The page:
New Mexico has state laws that protect employees from being taken advantage of by their employers when it comes to their paycheck. If you have a disagreement with your employer about some part of your paycheck, whether it is how often you get it or how much, you should carefully read the laws that protect you.
Generally, you should be given a paycheck on a semimonthly basis by your employer. This requirement is the same for hourly or salary employees. However, if you are paid partly or wholly by commission, then your commission can be paid on a monthly basis. Your employer can also choose to pay you monthly if you are an executive employee, professional employee, outside salesman, or administrative employee, unless you are part of a union or your wages are otherwise subject to a contradicting collective bargaining agreement.
If you have been fired, you should be given your final wages within five days of being fired, but commissions may be paid up to 10 days after termination. For employees that quit their job, they should receive their last paycheck by the next payday. There is no state law that requires employers to pay their employees for any unused vacation or sick days. However, if the company has a policy where they do pay for these days upon termination of employment, then your employer is obligated under law to stick with that policy.
Except for very specific situations, your paycheck cannot be garnished for non-work debts without a court judgment. The situations where a judgment is not needed are unpaid child support, back taxes, and defaulted student loans. For other debts unrelated to your job, such as unpaid credit card bills and car payments, your creditor has to go to court first and ask for a judgment against you. If that judgment is given, then your creditor can have your income garnished until the debt is paid.
Your employer cannot automatically deduct money from your paycheck without your authorization for anything that is not required by law, unless it is to cover the reasonable cost of food, utilities, supplies, or housing provided to agricultural workers. For anything else that an employer wants to take from your wages, they will need a court order to deduct that amount.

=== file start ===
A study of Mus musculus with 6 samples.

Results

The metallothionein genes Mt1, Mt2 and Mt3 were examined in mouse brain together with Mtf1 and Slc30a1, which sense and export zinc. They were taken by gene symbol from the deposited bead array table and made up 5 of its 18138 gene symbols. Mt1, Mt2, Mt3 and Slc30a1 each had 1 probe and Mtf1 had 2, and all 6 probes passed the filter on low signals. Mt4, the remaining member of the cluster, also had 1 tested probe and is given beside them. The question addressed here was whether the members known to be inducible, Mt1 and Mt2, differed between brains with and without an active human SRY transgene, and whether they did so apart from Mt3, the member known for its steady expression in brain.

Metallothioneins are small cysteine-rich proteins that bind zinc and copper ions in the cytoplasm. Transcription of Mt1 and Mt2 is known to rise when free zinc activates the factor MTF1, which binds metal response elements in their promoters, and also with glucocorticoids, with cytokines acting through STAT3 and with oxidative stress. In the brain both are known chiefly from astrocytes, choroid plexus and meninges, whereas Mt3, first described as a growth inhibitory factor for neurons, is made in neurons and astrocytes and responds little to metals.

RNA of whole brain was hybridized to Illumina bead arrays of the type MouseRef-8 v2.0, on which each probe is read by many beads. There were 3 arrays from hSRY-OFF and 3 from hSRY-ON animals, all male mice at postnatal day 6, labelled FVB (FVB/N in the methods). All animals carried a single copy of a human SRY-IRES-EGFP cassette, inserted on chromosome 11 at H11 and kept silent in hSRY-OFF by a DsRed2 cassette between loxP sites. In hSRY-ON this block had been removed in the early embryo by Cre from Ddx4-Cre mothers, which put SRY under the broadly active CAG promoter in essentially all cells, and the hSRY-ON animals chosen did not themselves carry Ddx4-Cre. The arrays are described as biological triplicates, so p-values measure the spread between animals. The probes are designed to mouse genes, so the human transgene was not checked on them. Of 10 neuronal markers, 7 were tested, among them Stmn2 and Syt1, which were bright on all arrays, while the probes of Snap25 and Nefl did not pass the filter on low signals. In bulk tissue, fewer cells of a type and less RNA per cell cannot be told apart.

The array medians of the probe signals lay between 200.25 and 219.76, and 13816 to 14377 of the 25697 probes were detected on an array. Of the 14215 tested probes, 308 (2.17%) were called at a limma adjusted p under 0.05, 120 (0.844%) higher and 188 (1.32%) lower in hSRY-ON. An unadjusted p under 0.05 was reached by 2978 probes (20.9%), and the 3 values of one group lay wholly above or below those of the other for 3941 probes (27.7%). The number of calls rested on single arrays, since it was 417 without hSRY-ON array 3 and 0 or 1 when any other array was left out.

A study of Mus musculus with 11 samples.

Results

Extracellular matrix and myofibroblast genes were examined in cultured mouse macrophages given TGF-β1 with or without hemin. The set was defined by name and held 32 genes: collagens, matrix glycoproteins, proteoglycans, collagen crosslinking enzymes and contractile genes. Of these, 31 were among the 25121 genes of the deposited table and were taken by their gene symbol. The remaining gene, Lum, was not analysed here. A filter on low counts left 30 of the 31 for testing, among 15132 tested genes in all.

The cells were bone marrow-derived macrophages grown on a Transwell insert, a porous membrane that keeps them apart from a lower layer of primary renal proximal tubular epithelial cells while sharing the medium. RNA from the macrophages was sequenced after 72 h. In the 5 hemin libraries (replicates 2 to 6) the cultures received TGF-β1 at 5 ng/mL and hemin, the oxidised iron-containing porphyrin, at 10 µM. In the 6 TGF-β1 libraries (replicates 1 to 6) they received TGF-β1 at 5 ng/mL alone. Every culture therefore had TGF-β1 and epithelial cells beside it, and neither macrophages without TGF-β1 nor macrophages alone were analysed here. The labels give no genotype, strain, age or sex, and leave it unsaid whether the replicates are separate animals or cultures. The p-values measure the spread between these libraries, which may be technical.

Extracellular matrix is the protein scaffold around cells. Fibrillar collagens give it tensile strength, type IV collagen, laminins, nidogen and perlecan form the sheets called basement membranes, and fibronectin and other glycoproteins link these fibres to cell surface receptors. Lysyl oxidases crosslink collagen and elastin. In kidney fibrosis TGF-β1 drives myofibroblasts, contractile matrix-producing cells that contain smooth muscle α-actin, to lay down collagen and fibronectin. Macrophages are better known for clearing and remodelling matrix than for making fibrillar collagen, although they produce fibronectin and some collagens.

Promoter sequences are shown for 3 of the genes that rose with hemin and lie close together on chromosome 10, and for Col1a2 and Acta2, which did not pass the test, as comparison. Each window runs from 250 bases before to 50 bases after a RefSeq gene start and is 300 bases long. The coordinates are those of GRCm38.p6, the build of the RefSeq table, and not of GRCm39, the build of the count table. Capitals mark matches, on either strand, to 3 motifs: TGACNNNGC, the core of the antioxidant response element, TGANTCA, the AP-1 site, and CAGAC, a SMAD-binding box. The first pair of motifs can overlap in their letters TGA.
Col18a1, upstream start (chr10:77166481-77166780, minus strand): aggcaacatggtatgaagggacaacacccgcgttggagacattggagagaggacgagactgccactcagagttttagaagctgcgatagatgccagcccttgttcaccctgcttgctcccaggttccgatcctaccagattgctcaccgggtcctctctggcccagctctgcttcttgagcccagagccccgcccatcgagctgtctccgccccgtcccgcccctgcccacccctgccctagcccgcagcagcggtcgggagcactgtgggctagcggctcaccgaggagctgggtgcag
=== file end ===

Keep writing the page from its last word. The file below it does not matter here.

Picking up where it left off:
You have every right to pursue any unpaid wages that you have earned. If you need help recovering a withheld paycheck, then you can file a complaint with the Wage and Hour Bureau of the New Mexico Department of Workforce Solutions. You can also file a lawsuit for your owed paycheck.
There is no law in New Mexico that stops your employer from making you purchase your own uniforms or equipment, even though the money cannot be taken out of your wages to cover the cost without you agreeing to it first. Your employer can also ask that you pay for drug or medical testing prior to starting a job.
Getting your rights upheld, especially when it comes to your paycheck, can be very important. This is why it is important that you hire an employment lawyer in New Mexico as soon as you suspect your employer of violating the state’s wage laws.
Last Modified: 05-01-2018 01:18 AM PDTLaw Library Disclaimer
We've helped more than 4 million clients find the right lawyer – for free. Present your case online in minutes. LegalMatch matches you to pre-screened lawyers in your city or county based on the specifics of your case. Within 24 hours experienced local lawyers review it and evaluate if you have a solid case. If so, attorneys respond with an offer to represent you that includes a full attorney profile with details on their fee structure, background, and ratings by other LegalMatch users so you can decide if they're the right lawyer for you.